Children Learn What They Live, or Why Recovery?

Children Learn What They Live
By Dorothy Law Nolte

If children live with criticism,
They learn to condemn.
If children live with hostility,
They learn to fight.
If children live with ridicule,
They learn to be shy.
If children live with shame,
They learn to feel guilty.
If children live with encouragement,
They learn confidence.
If children live with tolerance,
They learn to be patient.
If children live with praise,
They learn to appreciate.
If children live with acceptance,
They learn to love.
If children live with approval,
They learn to like themselves.
If children live with honesty,
They learn truthfulness.
If children live with security,
They learn to have faith in themselves and others.
If children live with friendliness,
They learn the world is a nice place in which to live.

Copyright © 1972/1975 by Dorothy Law Nolte

I grew up in a home of conflicts. Some days my mother was fantastic, loving, cheery, and helpful. But other days she was somebody else. She forgot conversations and reacted with rage and deep anger. Yelling could be heard frequently. My mother was not always a "bad" mother, but the inconsistency was there.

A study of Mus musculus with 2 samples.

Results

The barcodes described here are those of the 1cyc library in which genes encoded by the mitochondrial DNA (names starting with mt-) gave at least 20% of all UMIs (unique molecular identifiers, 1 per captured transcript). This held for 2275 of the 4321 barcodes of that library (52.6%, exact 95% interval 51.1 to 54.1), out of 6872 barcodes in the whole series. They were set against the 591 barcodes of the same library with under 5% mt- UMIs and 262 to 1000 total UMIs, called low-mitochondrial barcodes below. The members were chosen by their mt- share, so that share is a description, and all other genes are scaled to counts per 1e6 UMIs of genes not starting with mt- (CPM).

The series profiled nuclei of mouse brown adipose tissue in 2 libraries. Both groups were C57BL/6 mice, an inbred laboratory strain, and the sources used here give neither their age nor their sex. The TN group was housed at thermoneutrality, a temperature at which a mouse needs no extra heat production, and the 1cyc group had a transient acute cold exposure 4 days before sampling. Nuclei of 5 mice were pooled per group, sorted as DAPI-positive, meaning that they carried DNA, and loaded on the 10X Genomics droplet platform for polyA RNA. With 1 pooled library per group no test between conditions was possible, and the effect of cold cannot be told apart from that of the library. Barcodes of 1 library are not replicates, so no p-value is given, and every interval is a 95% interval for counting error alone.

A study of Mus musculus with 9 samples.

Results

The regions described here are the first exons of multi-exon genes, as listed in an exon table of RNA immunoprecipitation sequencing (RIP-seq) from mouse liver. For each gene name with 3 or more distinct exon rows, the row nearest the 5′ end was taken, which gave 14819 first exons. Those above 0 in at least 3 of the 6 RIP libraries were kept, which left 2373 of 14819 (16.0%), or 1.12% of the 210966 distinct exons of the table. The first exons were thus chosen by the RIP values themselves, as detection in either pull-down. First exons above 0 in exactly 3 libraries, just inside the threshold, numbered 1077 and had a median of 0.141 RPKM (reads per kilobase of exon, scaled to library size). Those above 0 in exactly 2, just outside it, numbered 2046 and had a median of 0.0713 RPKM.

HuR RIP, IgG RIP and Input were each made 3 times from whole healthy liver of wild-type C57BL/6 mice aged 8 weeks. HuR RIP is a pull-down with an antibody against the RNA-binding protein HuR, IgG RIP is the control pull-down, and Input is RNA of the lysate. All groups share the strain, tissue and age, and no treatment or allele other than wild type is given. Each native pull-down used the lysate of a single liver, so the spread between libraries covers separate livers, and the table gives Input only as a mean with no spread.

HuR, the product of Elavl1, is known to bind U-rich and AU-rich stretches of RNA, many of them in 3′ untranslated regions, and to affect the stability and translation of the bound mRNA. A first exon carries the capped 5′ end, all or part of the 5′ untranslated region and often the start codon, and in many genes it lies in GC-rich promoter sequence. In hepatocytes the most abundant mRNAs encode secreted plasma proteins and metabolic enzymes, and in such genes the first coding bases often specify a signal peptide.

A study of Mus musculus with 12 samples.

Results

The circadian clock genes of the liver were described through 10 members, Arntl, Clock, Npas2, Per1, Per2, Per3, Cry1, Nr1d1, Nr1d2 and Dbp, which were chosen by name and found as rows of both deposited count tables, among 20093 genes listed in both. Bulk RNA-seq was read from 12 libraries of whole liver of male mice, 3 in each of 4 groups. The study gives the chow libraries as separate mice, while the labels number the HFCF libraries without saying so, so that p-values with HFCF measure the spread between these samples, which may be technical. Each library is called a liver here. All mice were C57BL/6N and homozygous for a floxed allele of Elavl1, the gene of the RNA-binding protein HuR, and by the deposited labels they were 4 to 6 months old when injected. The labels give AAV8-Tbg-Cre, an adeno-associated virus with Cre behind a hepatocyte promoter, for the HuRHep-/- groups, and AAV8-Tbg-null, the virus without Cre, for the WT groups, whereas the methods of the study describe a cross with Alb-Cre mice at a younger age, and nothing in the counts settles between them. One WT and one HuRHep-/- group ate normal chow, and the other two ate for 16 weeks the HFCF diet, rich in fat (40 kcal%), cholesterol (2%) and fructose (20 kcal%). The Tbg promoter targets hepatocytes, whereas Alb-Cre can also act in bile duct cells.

I learned to be a mostly "poor" mother. I learned to blame others first, not to apologize later. I learned to accuse irrationally. I learned to yell. I learned how to criticize. A lot.

And then I had children. Although I'd sworn I would never become my mother, I often saw myself doing the same things my mother had done to me. It terrified me. My first step in fixing these broken habits was to add apologies. When I yelled, I'd cry and beg my children for forgiveness. But I knew all too well what it felt like to be screamed at, and I realized that after the fact apologies were worthless to my children.

One of the biggest motivating factors for personal recovery is to be a better mother to my children than my own mother was to me. I want to parent out of love, with encouragement and support, not out of fear or inconsistency.

Although children learn what they live, I believe in the ability to change personally. I'm never going to be a perfect parent, but I don't have to make the same mistakes my mother made. I can make my very own!

Father, each day remind me of what it is like to be a child of God. Guide me as I raise my children, in patience, in grace, in love, in forgiveness, in kindness, in beauty and in purity. Make me the kind of parent that I would have wanted myself. In Jesus' name and with Your help, Amen.